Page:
The Best Upper Back Exercises for Thick Back
For a wide back, weightlifters must perform exercises in which they pull down, such as chin-ups and lat pull-downs. These exercises build the latissimus dorsi, causing them to flare out. For a thick back, weightlifters need to perform exercises in which they pull in. These are primarily different types of rows, which build the lats, but also the rhomboids and lower trapezius..
When you're looking for the best exercises, it makes sense to find out which exercises eight-time Mr. Olympia Arnold Schwarzenegger prefers. In "The New Encyclopedia of Modern Bodybuilding," Schwarzenegger explains that for developing a thick back, there's no better exercise that the barbell row. To perform a barbell row, stand holding a barbell in a palm-back grip. Bend at the hips until your body is as close to parallel to the ground as you can get. Bend your knees to maintain balance. Pull the barbell to your stomach. Try to think of your arms as hooks holding the barbell, and let your back pull your upper arms, instead of pulling with your biceps. Hold for a moment at the top, pinching your shoulder blades together. Release back to the starting position. Perform sets in the bodybuilding range of 8 to 12 reps to build mass.
One-Arm Dumbbell Row
Schwarzenegger is also a fan of the one-arm dumbbell row, because he believes that every workout should contain exercises that work the target muscles through their maximum range of motion. He explains that when you perform a one-arm dumbbell row, you should let the weight hang as far as you can, feeling a good stretch in your upper back muscles, and when you pull the dumbbell up, you should pull it as high as you can in order to fully contract your upper back muscles. The one-arm dumbbell row also lets you focus entirely on your upper back, since you brace yourself for support with your non-working hand. Perform in sets of 8 to 12 reps per side.
The cable row works the same muscles as the barbell row. It's a good exercise to perform after barbell rows because of the stability the exercise offers, allowing you to burn your muscles out safely. To perform a cable row, sit at a cable row station. Use whatever attachment is most comfortable. A narrow grip will allow you to lift more weight by involving the lats, but a wide grip will add more depth to the upper back by forcing your shoulder blades to fully retract. Keep a slight bend in your knees. Pull the weight to your body, then hold for a moment and feel the contraction of your traps and rhomboids. Slowly release back to the starting position. The "Encyclopedia of Bodybuilding" warns that although you see a lot of people swaying at the hips when performing this exercise, it's both dangerous and ineffective. Bending at the hips means that you're cheating with your glutes and hamstrings, which are much stronger than your upper back muscles, so stay strict. Perform in sets of 8 to 12 reps.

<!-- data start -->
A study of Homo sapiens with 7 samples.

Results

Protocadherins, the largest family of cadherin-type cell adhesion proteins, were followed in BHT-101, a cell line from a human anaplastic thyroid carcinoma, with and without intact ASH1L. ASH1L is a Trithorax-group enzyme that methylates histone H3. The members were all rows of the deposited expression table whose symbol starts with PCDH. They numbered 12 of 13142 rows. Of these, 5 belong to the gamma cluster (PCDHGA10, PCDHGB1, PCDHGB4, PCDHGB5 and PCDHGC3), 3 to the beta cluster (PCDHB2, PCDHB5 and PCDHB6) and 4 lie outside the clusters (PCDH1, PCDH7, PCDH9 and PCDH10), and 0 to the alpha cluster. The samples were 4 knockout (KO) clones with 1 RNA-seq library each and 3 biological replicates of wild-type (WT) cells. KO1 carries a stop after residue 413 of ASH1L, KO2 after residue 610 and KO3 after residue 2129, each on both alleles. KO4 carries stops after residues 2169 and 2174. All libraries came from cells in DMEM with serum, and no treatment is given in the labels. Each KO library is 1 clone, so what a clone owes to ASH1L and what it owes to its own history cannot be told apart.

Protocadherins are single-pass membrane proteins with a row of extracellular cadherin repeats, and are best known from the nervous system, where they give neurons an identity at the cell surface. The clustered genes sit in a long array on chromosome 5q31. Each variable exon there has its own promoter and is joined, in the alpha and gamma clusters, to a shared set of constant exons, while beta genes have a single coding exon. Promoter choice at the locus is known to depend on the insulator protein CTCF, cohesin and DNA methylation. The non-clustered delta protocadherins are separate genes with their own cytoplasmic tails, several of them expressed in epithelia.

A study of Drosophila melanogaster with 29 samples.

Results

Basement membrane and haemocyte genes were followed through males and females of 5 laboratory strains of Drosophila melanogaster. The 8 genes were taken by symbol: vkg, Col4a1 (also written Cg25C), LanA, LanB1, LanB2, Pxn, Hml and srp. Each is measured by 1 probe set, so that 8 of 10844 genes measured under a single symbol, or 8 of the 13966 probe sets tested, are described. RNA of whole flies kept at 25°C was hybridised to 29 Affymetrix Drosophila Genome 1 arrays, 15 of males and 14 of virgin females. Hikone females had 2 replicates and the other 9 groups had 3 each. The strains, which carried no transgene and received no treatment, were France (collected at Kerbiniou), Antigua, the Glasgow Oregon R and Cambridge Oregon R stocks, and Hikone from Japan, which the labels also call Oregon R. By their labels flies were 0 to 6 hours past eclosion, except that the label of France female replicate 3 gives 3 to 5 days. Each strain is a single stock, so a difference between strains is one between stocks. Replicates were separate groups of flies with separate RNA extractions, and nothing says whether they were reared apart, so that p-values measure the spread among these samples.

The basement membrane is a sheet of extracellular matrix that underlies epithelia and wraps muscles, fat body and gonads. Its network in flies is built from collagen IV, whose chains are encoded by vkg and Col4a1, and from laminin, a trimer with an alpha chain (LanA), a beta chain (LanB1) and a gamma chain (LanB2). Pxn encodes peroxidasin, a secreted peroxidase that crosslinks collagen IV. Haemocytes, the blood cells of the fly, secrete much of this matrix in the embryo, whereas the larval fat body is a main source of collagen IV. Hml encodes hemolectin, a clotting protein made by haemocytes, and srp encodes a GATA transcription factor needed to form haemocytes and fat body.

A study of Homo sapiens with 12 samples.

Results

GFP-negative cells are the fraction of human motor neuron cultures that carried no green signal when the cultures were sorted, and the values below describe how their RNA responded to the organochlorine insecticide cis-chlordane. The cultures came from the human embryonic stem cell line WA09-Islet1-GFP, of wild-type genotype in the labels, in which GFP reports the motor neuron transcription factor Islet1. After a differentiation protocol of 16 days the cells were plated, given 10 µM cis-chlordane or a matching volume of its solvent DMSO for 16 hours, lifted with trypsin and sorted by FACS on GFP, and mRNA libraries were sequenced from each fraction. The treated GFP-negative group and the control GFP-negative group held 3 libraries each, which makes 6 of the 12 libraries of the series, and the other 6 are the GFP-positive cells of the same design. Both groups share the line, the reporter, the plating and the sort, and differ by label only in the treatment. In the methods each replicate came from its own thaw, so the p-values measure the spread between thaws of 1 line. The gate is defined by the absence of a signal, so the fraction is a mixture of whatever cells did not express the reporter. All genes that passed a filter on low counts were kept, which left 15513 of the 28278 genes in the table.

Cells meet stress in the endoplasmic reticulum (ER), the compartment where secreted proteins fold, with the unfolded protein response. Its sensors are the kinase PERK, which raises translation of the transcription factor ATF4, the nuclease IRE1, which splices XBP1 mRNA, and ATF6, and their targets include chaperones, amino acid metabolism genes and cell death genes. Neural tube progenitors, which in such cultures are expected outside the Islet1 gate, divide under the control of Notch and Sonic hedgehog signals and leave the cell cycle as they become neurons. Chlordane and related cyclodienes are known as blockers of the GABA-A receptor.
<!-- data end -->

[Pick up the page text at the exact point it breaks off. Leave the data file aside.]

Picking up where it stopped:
You might think of deadlifts as being an exercise for the thighs and lower back, but heavy deadlifts can add serious depth to your back. The body responds to the stress of heavy compound exercises by adding mass, and there's no more compound exercise than the deadlift. "Strength Training Anatomy" explains that the deadlift uses almost every muscle in the body. Because of this, it's common to be able to deadlift a barbell that's twice as heavy as one you'd row, placing massive stress on the muscles that retract your shoulder blades. Though your rhomboids and trapezius aren't moving, they're working very hard to keep your arms from being pulled off your body. To perform a traditional deadlift, step up to a barbell on the ground. Bend at the knees and hips until you can grip the barbell in a shoulder-width grip. Your arms should be perpendicular to the ground, and your knees should be pressed against the inside of your forearms. Keeping a strong, straight back, stand up with the barbell. Follow the same path to set it back down. Because deadlifts are very draining and it's crucial that you maintain perfect form, perform sets of 4 to 6 reps.
- "The New Encyclopedia of Modern Bodybuilding"; Arnold Schwarzenegger; 1998
- "Encyclopedia of Bodybuilding"; Robert Kennedy; 2008
- "Strength Training Anatomy 3rd Ed."; Frederic Delavier; 2010
Jeffrey Rice became an ACE-accredited personal trainer in 2007, and began writing about fitness to support his business. Soon, however, he found himself writing more than training, and has since written health, fitness and supplement articles for numerous websites. He holds a M.F.A. in creative writing from Cleveland State University.